Rebecca Winke


Rebecca Winke


If you tell any Italian that you are headed to the region of Abruzzo, the very first thing they will ask is, “Are you visiting Gran Sasso?”. Gran Sasso is shorthand for Abruzzo’s sprawling Parco Nazionale del Gran Sasso e Monti della Laga (Gran Sasso and Laga Mountain National Park), one of Italy’s largest national parks—indeed, covering almost 350,000 acres, one of the largest protected areas in all of Europe.

Puglia—or, more specifically, the Salento Peninsula that forms the heel of Italy’s “boot”—is a fantastic destination for families, both for the wide range of things to do and see packed into this relatively compact area, and for the laid-back, kid-friendly pace that characterizes much of southern Italy.

Most visitors to Le Marche come for its beachside resort towns, which line the almost 200 kilometres of coastline lapped by the waves of the placid Adriatic sea – but this pretty (and largely unsung) central Italian region has much more to offer. The dramatic Sibilline mountains which border the region to the west boast some of Italy’s most breathtaking scenery, and the rolling hills which tumble eastward toward the sea are covered with tidy vineyards, pretty villages, and isolated castles.

Venice is, like most Italian cities, an open-air museum with its 1,000 year history played out in the palazzi and piazze (called campi in Venice) which line its ubiquitous canals. This is good news for travelling families, as “churched-out” kids can spend almost their entire stay in La Serenissima in the fabulously traffic-free outdoors and still get a fine look at the city’s history and culture.

Venice has the unfortunate (and undeserved) reputation of being one of the few places in Italy where the restaurants are expensive and not particularly good. Though it’s true that there is a concentration of “tourist-trap” eateries along the main thoroughfares, it’s also true that La Serenissima is a place where it’s easy to distance yourself from the crowds and find small, neighbourhood trattorias where the dishes are excellent and prices reasonable.

The Italian Lakes, wine and wineries

When thinking of Italian wine, it is most often the central and southern regions of Italy that come to mind. The crowd-pleasing super-Tuscans, the bold Sicilian Nero d’Avola, and the mouth-tingling tannic Sagrantino from Umbria all seem to dominate the collective wine consciousness (and worldwide menus), encapsulating in their deep red hues the Italy of long, languishing afternoon meals warmed by the Mediterranean sun and serenaded by sweet sounds of mandolins.

The central Italian region of Le Marche is best known for its pretty landscape; the interior runs from rolling, vineyard-covered hillsides dotted with medieval towns and castles, to the rugged, majestic peaks of the Sibilline Mountain range. To the west, Le Marche shares a border with five neighbouring regions (Emilia Romagna, Tuscany, Umbria, Lazio, and Abruzzo), but its entire length to the east is lapped by the mild-tempered waves of the Adriatic Sea.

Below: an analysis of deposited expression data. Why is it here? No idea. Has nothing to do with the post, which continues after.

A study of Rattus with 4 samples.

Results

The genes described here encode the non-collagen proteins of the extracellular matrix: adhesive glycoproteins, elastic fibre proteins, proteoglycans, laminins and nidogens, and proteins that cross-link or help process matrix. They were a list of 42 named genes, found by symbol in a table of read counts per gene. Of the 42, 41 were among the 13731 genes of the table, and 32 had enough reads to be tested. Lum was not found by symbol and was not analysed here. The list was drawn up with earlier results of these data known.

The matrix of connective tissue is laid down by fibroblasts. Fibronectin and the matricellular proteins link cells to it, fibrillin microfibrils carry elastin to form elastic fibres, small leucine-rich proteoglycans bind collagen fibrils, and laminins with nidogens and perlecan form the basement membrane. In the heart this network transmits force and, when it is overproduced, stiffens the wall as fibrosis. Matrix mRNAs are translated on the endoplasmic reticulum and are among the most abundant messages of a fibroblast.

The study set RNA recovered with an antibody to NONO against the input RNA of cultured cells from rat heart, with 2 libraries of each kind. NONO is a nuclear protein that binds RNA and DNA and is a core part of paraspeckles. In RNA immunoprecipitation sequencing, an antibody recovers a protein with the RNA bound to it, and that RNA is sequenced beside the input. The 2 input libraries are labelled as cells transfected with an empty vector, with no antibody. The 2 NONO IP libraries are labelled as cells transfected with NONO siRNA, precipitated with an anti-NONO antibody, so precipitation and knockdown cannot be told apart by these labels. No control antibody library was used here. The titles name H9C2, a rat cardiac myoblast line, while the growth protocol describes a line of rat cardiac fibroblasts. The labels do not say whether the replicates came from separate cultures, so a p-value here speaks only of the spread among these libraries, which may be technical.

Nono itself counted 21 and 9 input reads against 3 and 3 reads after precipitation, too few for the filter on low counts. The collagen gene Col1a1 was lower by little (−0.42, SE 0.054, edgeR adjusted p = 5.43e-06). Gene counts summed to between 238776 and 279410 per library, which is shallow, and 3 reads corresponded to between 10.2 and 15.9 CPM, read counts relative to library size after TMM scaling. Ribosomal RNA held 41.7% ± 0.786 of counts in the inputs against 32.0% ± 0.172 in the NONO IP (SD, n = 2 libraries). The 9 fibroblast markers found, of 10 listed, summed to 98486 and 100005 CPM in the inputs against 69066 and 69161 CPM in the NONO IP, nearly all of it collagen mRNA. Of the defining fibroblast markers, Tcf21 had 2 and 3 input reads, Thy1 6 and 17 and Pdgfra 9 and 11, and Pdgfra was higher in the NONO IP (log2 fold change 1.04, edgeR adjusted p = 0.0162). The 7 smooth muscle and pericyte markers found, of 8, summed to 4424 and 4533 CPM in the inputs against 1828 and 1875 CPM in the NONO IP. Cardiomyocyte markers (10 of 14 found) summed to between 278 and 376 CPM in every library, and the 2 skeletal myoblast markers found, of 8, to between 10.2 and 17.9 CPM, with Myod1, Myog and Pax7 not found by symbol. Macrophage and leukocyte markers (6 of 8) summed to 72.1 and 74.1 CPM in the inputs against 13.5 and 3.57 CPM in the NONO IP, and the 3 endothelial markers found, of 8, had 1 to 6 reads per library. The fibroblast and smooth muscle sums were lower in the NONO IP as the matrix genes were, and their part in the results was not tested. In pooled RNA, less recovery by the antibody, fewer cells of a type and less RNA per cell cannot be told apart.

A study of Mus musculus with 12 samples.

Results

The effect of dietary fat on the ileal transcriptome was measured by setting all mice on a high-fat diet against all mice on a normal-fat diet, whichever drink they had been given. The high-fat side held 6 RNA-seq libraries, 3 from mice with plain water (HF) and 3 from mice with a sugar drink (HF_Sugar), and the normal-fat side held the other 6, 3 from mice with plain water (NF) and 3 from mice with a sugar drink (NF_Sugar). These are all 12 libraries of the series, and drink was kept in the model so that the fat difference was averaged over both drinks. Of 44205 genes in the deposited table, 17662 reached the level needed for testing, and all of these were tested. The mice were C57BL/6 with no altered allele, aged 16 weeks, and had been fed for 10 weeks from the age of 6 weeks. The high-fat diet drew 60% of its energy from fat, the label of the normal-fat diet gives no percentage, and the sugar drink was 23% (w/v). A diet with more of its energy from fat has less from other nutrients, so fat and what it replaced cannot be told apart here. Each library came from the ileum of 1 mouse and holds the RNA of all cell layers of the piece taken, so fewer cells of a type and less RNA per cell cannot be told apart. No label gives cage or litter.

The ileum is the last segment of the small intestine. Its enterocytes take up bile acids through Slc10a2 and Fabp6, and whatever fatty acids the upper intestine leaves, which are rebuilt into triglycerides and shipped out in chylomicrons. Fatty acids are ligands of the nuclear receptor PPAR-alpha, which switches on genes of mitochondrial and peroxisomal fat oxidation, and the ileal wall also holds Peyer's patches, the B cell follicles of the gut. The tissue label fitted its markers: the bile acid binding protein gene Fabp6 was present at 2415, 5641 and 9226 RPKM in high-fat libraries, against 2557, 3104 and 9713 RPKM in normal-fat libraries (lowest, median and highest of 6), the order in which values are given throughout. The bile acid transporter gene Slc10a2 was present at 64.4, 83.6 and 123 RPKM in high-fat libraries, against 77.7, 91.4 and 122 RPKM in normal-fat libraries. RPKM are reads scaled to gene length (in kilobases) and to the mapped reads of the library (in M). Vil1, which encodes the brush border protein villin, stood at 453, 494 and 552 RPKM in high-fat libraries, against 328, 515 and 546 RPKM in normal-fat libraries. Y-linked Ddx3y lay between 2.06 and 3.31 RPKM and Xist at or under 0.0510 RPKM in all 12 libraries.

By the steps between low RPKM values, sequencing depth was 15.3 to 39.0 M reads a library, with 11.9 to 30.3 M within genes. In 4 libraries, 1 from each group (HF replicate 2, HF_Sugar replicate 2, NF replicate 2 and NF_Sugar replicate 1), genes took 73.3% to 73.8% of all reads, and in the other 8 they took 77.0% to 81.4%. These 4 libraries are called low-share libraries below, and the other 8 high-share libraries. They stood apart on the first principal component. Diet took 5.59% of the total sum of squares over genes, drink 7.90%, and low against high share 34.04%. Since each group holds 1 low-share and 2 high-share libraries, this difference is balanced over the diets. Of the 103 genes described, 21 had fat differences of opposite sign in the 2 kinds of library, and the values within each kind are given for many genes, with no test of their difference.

Perhaps the most fun, authentic summer evening you can spend in Umbria is at one of this region’s many “sagre”. These popular local festivals are organized by either an entire village or a single neighbourhood and almost always centre around a specific food or dish. Featured dishes are generally local specialities—truffles, wild boar, or “torta al testo” (a type of flat bread), for example—but you can find sagre featuring oddities like seafood or crepes, as well.

Umbria, with its undulating landscape, tiny hilltop hamlets, and isolated abbeys and fortresses, is a hiker’s paradise and yet not seemingly hiker-friendly. Though this region sometimes falls short in trail signage, itinerary information, and logistical support for walkers, the scenery and history along its walking routes more than make up for these inconveniences.

Spring in Umbria, like in most of world, seems to be the season of unpredictable weather. The skies go from sunny to downpour in just minutes; plans of sipping a cappuccino at a cafè table while watching the world go by, or having a leisurely picnic on a hillside overlooking olive groves, may have to be quickly scrapped when the clouds start to gather.

One of the biggest advantages to visiting Umbria in spring and summer is the number of wonderful festivals—from medieval-themed traditional fetes, to events celebrating the region’s local wine and food, to excellent music festivals--during which the small Umbrian towns awaken from their winter slumber and celebrate the coming of warm days and nights.

The world has a new Pope, one who has made history by taking the name of Francis - in homage to Saint Francis of Assisi - for the first time. There has been a surge in interest in this popular and beloved Saint and his life and work since the papal news, and with it an increasing number of visitors to Franciscan sites across Umbria - Francis’ home region - by the devout and the curious of all faiths and religions.

Italy’s famed and varied cuisine is closely linked to each of its 20 regions’ history and topography, and nowhere is this more true (or more varied) than in the largely unsung yet gorgeous region of Abruzzo. Often overshadowed by The Marches to the North and Puglia to the south, Abruzzo offers rugged mountains and bucolic beaches that can match—if not surpass—its neighbors, and its position under the tourism radar means that visitors often get the feeling that they have the region all to themselves.

One of the benefits of visiting Umbria—indeed, visiting just about anywhere--with kids how they change the way we travel. Crafting a trip suitable for your entire family inevitably means adjusting (slowing!) the customary frantic pace and tailoring the itinerary to include activities that go beyond the typical museum/church relay.